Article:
The Province of British Columbia has decided to initiate a phase-out of mink production in April 2023 with complete closure of the industry within two years.  The decision was based on public health concerns and will affect nine farms in the Fraser Valley with a collective population of 320,000 mink.


In contrast, Nova Scotia is allowing COVID vaccination on a restricted emergency-use basis under supervision of Veterinarians.  The Province of Nova Scotia is offering funding to 24 licensed producers with twelve having received U.S. $650,000 in support, despite the fact that profitability of mink production is declining with only China serving as a market for pelts. This demand could evaporate at the snap of President Xi’s finger if wearing mink is regarded as ‘unpatriotic’.


There is considerable opposition to mink farming in Canada that has 70 licensed units.  Dr. Scott Weese, a veterinarian specializing in infectious diseases, affiliated to the Ontario Veterinary College at the University of Guelph, supported the decision of health authorities in British Columbia.  Dr. Weese maintains that mink that are susceptible to respiratory infections including COVID hav a high probability of developing new strains as has occurred in the EU.  He clearly summarizes the situation as “we have a plausible risk and we have pretty minimal benefits apart from a small number of farmers.”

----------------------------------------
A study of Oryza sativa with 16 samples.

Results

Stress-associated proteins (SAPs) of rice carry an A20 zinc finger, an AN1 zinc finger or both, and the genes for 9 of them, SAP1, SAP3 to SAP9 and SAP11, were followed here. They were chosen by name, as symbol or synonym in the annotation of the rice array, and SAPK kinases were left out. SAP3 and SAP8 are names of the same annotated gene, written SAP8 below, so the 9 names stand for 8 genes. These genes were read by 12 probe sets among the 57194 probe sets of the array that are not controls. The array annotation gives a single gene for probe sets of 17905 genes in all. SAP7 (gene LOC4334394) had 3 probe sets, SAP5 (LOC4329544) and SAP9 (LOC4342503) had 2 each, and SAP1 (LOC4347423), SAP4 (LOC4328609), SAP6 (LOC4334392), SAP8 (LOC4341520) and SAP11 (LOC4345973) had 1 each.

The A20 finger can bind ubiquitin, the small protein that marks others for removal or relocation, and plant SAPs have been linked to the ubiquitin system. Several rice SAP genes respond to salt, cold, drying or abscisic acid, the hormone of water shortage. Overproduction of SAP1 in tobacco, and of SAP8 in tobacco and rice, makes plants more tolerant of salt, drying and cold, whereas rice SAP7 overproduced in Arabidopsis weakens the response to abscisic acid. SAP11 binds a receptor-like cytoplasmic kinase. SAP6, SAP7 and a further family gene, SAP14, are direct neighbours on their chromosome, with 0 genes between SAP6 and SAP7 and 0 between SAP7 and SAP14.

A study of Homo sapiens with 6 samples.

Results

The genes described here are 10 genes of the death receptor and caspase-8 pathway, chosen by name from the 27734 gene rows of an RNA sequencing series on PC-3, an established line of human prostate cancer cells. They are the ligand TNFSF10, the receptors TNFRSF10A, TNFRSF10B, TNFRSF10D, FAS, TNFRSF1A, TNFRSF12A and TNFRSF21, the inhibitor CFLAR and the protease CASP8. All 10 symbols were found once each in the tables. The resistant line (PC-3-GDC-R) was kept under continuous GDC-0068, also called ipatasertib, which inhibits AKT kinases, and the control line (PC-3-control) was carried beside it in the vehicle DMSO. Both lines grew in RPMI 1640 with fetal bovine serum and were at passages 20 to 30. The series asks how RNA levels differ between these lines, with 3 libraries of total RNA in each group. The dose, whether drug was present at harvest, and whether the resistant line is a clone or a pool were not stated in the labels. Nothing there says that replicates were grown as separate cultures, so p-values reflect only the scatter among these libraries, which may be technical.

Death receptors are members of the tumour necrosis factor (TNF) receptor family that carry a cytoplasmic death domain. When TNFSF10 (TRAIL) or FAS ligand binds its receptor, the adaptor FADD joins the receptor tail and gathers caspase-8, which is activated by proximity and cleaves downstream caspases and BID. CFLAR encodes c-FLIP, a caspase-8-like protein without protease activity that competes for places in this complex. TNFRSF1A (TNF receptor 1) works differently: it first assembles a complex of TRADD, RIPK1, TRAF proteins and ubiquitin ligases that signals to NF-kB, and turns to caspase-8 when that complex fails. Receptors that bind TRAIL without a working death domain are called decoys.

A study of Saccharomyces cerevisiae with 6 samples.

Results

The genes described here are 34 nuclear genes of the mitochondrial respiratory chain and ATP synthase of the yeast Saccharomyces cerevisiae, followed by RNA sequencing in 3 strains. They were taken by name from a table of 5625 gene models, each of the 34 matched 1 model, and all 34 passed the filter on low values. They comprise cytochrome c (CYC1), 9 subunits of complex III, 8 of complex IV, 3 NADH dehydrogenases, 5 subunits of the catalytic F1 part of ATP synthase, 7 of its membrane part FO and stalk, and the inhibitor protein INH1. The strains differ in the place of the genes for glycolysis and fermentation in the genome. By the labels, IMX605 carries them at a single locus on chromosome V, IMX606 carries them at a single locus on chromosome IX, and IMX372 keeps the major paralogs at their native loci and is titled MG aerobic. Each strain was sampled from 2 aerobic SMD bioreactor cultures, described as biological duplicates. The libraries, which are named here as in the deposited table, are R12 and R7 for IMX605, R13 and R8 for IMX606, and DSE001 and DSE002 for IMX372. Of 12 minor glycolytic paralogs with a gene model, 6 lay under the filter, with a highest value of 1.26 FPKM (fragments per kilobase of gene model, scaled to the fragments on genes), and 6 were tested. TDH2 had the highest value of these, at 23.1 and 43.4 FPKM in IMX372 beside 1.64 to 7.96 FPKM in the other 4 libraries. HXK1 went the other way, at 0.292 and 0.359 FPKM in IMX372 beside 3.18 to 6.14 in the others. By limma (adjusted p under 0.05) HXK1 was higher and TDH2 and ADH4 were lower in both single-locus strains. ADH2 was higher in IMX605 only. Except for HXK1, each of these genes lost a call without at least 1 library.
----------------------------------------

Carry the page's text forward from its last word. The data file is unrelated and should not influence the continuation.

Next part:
Although the National Mink Association has raised a number of fatuous arguments to support continued mink farming, science is on the side of eliminating this public health risk.  The Mink Association pointed to the fact that a number of domestic cats have been diagnosed with COVID and it is well documented that felines in zoos have contracted SARS-CoV-2 from staff.  The difference between individual and mostly solitary felines and mink lies in the large number, close proximity, and concentration on a commercial farm.  These are conditions that can lead to the emergence of new strains, irrespective of vaccination.  There is sufficient clinical and epidemiologic evidence that vaccinated humans can be reinfected, although they do not suffer the extreme clinical effects, such as requiring hospitalization and even death compared to non- vaccinated individuals.  Vaccination may well suppress clinical signs in mink housed on farms, but virus will continue to circulate with the potential of mutation and the possibility of a more virulent strain emerging. There are a lot more Greek letters after Omicron!


Clearly the Canadian Mink Breeders’ Association is fighting a rearguard action with lower demand and falling prices for pelts.  This is clearly a time to eliminate commercial multiplication of mink and eliminate a potential human health hazard since the product is essentially an unnecessary luxury with few producers involved.